Is Idina Moorfield going crazy or has an ancient magic found its source?
Her family says she’s not a true Moorfield and will never be good enough for the family business.
Sometimes what looks like the worst day ever, is the beginning of our best adventure.
Idina takes that first step into a new life and gets the hell away from them to forge her own future.
But her calling is the one thing they are the most against. She joins the military just like Uncle Rick. The other family outcast.
What is everyone in the Moorfield family so afraid of?
A new Warrior is about to find out the true roots of the Moorfield name. Nothing will ever be the same.
- Language : English
- Paperback : 352 pages
- ISBN-10 : 1685006426
- ISBN-13 : 978-1685006426
- Item Weight : 14.9 ounces
- Dimensions : 5.25 x 0.88 x 8 inches
- Best Sellers Rank: #644,340 in Books (See Top 100 in Books)
- Customer Reviews:
It’s the packaging of that story, though, that’s the main reason for me marking the series down from the three or four stars it probably deserves. ‘Get Smoked or Go Home’ is very much a first chapter of a book, rather than a book itself. Frankly, I’m over having to shell out to authors (and their publishers) who want to maximise their buck, for the least amount of bang. Releasing bits of a single storyline as ‘books’ and for ‘book’ prices is not the way to earn reader loyalty or a good review and it diminishes what in this case is pretty decent writing.
For my money, GSGH ought to have been combined with the second and third instalments in the series. This would have made Ms Carr’s scene setting and rendition of the ‘boot camp’ trope seem less exhaustive and the action more a part of the actual story. It also might mean that the sense of being left wanting more is one of anticipation, rather than resentment.
A secondary issue for me is the fact that Our Heroine is a bit of a Mary-Sue. Not excessively so. She is beset by personal doubts and confusion in the face of her emergent powers, so it’s not all unicorns and rainbows for her. But she is nonetheless just so damned competent. Artistic, clever, confident where it counts, likeable and a born leader, she’s a bit too good to be true. I kept thinking of the Angelina Jolie incarnation of Lara Croft. And with that I’ll say wish fulfilment is a perfectly valid reason for getting behind a character, so you might want to give her overly wonderful qualities a pass.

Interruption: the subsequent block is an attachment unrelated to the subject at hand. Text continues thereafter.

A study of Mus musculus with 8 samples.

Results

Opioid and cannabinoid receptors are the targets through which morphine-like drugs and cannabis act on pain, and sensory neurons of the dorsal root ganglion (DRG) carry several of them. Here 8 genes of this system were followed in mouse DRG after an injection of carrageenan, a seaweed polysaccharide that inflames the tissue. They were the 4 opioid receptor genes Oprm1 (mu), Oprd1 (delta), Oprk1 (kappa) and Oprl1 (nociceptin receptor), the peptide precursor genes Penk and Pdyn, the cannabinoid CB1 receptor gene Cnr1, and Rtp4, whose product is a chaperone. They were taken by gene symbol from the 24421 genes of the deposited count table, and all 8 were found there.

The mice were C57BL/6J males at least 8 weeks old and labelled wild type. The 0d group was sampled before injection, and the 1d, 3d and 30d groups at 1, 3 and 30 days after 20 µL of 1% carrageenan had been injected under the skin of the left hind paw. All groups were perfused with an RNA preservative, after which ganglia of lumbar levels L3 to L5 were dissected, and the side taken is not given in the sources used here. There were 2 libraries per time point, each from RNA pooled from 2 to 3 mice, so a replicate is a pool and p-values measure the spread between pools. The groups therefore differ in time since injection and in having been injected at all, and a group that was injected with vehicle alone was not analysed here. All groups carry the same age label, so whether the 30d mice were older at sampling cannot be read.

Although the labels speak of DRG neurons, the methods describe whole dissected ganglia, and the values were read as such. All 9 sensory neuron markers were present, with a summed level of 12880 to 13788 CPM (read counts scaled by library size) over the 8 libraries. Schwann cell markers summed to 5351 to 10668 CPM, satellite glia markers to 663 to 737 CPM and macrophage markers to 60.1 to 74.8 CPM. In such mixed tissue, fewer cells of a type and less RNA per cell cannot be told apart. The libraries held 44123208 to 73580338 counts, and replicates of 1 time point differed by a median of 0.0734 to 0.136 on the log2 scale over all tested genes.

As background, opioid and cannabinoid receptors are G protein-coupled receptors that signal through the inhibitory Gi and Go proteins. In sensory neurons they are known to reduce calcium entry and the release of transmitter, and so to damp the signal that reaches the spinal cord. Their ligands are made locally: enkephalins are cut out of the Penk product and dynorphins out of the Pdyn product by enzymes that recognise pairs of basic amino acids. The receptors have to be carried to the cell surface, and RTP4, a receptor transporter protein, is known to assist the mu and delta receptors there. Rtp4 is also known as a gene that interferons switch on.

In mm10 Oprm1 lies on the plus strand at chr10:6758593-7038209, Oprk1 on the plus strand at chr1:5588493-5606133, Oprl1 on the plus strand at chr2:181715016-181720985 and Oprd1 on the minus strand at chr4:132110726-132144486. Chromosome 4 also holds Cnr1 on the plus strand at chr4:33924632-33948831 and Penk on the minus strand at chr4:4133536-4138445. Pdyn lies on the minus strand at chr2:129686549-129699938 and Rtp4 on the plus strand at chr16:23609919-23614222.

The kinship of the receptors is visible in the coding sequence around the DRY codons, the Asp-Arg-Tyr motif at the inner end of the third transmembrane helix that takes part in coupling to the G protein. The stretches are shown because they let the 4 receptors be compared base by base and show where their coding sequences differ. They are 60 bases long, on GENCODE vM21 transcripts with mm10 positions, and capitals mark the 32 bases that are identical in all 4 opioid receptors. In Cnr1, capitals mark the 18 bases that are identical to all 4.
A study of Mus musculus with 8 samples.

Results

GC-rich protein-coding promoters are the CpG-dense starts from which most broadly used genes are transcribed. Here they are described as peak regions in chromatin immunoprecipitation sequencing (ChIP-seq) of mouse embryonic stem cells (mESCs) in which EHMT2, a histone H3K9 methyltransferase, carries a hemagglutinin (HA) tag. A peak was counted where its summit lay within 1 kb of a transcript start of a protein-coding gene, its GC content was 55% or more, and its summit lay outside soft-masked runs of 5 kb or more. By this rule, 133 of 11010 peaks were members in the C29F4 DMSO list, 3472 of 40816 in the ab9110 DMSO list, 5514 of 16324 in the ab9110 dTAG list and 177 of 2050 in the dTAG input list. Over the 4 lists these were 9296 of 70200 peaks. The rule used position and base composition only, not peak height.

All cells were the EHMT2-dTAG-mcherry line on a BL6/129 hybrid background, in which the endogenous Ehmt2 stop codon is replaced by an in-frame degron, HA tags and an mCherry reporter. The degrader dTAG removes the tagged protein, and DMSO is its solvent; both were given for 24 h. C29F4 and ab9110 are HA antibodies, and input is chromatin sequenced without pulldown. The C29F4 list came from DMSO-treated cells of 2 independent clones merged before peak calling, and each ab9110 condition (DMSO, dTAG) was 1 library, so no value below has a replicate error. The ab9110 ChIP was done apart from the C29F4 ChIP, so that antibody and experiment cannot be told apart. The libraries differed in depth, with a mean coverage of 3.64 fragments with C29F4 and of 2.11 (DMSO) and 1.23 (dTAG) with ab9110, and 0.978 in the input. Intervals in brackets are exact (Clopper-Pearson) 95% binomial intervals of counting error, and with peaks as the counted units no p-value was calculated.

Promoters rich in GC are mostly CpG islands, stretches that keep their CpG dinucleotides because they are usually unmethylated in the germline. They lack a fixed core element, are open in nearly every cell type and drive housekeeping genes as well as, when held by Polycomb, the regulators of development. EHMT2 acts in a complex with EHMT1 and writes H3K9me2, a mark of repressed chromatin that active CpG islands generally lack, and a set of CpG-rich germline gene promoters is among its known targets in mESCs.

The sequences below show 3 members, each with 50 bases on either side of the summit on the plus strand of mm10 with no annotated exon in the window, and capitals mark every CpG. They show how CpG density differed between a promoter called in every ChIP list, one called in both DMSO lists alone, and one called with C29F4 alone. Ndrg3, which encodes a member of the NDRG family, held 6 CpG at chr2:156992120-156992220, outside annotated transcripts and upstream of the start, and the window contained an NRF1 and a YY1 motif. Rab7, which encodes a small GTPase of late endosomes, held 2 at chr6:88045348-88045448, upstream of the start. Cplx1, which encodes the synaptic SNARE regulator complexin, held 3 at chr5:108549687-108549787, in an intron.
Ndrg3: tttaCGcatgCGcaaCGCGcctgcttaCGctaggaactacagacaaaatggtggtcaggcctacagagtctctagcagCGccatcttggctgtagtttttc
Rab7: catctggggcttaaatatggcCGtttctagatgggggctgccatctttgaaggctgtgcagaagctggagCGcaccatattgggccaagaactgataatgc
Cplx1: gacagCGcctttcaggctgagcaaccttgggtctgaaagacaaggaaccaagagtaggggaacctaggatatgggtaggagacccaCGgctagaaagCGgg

Overall - and here I mean taking the first three instalments of the series together - this is a well put together, readable bit of urban-ish fantasy that has some potential. It will probably have more of a young adult appeal, but that doesn’t diminish it. With all the caveats about how it’s packaged, I still recommend it for a wet weekend binge.
Oh, and please, please, Ms Carr, it’s ‘imply’ not ‘infer’.
I truly appreciated reading about her time in boot camp. Some books just say, in she went and now she's out, and on to adventures. This book definitely is not that. I read her actions and reactions and know that it will make her adventures that much more interesting. The new adventures are coming and I can't to read them. Here's hoping this is a long and numerous series.
There are some nomenclature issues with the Basic and AIT sections and a couple huge errors carried into the second book. In the Army no NCOs are called sir or ma'am. Drill Sergeants are called just that, Drill Sergeant. Also, Combat Engineers don't do a separate Basic and AIT, they do OSUT, One Station Unit Training. It's all done at once without a separation and without going to a different unit. In those units that do have a separate Basic and AIT the Drill Sergeants aren't going to be the same either. I've been an 11B active and Guard and a 12B in the Guard and those who didn't reclass did it as OSUT not separate. Squads are numbered, not given letters. Fire Teams are lettered. 1st squad 1st platoon will have an A (alpha) and B (Bravo) team, but there is no Bravo squad.
A lot of the stuff she did get right, or close enough. These just jumped out at me... I also get annoyed with TV and movies when they make glaring errors involving military, firearms, EMTs, and a couple other things so this isn't specific to this series. I'm just, "that guy." There are a number of books that I wish the author had found more sources for their information because while they get about 75% of it right, some of what they missed are somewhat important at times. The wrong name for the Close Combat Optic no biggie.
I'm about a third into the second and will probably be done by end of the weekend so starting the third early next week and have pre-ordered the fourth, so I do like them.
Top reviews from other countries
I like the main characters.
The story is really interesting, sad the way the family treat her.
I want to see what happens next for our heroine.